Burton, the Vermont-based company widely credited with inventing the sport of snowboarding, then leading its growth into a global industry, was praised Wednesday for its work helping others during the coronavirus crisis.
“I feel, personally, so fortunate to be governor of this great state, where in a crisis like this, we can rely on each other to get through it,” said Gov. Phil Scott at a briefing where he expressed deep gratitude to Burton employees and all the other Vermonters helping to strengthen communities during the pandemic.
Burton’s Donna Carpenter appeared with Scott via video at a media briefing, where the governor thanked her for the coronavirus response work she and her company are doing — much of it in her late husband’s name.
Widely called the father of snowboarding for the famous gear brand he founded in Vermont, Jake Burton Carpenter died in November 2019 from cancer.
In mid-March, just before Vermont’s ban on large gatherings, riders at the Stowe Mountain Resort raised their snowboards during a slopeside memorial to the winter sports legend, an event that also saw a trail named for Carpenter.
“Ride on, Jake,” Carpenter said Wednesday, repeating a message that has become an expression of gratitude for her husband’s contributions to snowboarding.
Carpenter explained that Burton tapped into its Asian supply chain to enable it to donate a half-million FDA-approved masks to hospitals across the northeast, including two in Vermont and New Hampshire where the snowboarding icon received treatment.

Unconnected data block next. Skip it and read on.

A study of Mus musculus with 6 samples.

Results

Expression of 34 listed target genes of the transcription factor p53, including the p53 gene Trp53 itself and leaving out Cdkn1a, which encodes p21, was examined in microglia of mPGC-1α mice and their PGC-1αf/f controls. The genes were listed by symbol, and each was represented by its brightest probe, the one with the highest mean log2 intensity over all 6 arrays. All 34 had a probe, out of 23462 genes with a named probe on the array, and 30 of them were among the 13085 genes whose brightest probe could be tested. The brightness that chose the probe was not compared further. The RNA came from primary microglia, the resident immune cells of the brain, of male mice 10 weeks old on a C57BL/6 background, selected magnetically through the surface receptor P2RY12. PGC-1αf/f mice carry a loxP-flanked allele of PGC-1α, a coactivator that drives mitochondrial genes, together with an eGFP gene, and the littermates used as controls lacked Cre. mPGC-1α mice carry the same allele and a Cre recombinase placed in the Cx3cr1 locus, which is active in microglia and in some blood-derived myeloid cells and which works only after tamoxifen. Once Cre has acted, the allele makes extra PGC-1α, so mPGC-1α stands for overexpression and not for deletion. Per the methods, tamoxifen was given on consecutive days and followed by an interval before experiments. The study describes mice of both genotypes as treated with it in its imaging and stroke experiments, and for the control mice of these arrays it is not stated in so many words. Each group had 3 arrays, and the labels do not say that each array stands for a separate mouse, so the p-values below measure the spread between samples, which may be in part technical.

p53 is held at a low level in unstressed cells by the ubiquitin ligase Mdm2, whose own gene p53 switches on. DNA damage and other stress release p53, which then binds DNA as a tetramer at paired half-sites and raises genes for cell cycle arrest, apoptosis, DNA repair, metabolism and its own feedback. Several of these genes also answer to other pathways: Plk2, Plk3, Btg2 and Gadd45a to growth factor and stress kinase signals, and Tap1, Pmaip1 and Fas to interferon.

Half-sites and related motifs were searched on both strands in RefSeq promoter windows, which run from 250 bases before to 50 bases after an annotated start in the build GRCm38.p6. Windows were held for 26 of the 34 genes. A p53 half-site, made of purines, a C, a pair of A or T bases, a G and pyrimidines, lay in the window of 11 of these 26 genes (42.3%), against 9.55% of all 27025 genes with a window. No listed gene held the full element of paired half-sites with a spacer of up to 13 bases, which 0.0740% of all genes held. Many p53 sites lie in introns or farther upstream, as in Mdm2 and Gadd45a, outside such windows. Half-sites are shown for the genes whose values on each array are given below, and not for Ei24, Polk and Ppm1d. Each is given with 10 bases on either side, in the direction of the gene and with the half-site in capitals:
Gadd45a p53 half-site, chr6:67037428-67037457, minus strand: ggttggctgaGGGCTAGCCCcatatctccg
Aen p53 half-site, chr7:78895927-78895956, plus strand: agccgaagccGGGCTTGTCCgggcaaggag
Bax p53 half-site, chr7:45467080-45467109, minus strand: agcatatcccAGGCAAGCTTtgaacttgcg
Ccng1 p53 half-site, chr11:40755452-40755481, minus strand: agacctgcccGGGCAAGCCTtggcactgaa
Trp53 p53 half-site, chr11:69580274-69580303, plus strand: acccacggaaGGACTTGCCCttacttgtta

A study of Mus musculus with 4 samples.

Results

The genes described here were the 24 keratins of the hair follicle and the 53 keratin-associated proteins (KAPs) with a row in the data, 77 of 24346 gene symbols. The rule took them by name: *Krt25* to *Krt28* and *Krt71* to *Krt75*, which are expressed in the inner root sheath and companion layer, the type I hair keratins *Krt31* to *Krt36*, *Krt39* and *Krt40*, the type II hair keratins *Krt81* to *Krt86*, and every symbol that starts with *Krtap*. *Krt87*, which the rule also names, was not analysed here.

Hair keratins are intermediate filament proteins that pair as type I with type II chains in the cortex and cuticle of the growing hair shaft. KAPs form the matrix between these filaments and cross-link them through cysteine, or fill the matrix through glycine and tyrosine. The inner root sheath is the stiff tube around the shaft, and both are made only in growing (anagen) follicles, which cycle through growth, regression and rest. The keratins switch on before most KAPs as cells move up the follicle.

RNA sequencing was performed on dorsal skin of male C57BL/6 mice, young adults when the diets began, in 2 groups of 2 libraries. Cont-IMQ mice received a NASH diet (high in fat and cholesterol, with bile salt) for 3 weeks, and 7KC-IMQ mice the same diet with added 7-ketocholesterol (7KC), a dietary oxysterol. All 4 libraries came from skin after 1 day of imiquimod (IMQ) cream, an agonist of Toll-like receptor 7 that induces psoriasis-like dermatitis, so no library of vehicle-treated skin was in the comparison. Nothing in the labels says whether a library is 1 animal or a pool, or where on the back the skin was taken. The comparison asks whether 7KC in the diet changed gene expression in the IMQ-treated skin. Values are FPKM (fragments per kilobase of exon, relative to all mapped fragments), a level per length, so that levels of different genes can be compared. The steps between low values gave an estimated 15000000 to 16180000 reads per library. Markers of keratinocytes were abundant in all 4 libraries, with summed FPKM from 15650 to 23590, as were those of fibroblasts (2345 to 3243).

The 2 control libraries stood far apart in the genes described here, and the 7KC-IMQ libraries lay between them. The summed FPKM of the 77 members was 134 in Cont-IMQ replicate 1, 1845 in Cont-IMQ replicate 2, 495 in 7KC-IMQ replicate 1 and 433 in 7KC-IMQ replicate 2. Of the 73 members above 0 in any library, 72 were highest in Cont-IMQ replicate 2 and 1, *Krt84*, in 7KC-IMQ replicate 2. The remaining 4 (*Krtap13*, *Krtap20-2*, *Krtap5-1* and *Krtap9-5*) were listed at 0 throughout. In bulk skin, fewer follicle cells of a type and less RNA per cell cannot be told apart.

“It’s kind of insane, when you think about it, what private companies are doing to step in when it really should be the federal government,” Carpenter said Wednesday.
The company also worked with Boston Children’s Hospital to design face shields that are now being manufactured at a prototyping center in Burlington, Carpenter said — hundreds per week.
Gifts of new Anon snowboarding goggles are doubling as protective equipment for frontline healthcare workers, and employees are sewing cloth masks at home to share with others, the company added.
“I know the governor and everybody involved shares the same values we do of people first and community first,” Carpenter said.
Scott pointed out Burton is just one of many, many Vermont businesses going above and beyond right now.
The governor predicted that, because of their generosity, ingenuity and service, the state will be more united and stronger after the coronavirus crisis ends.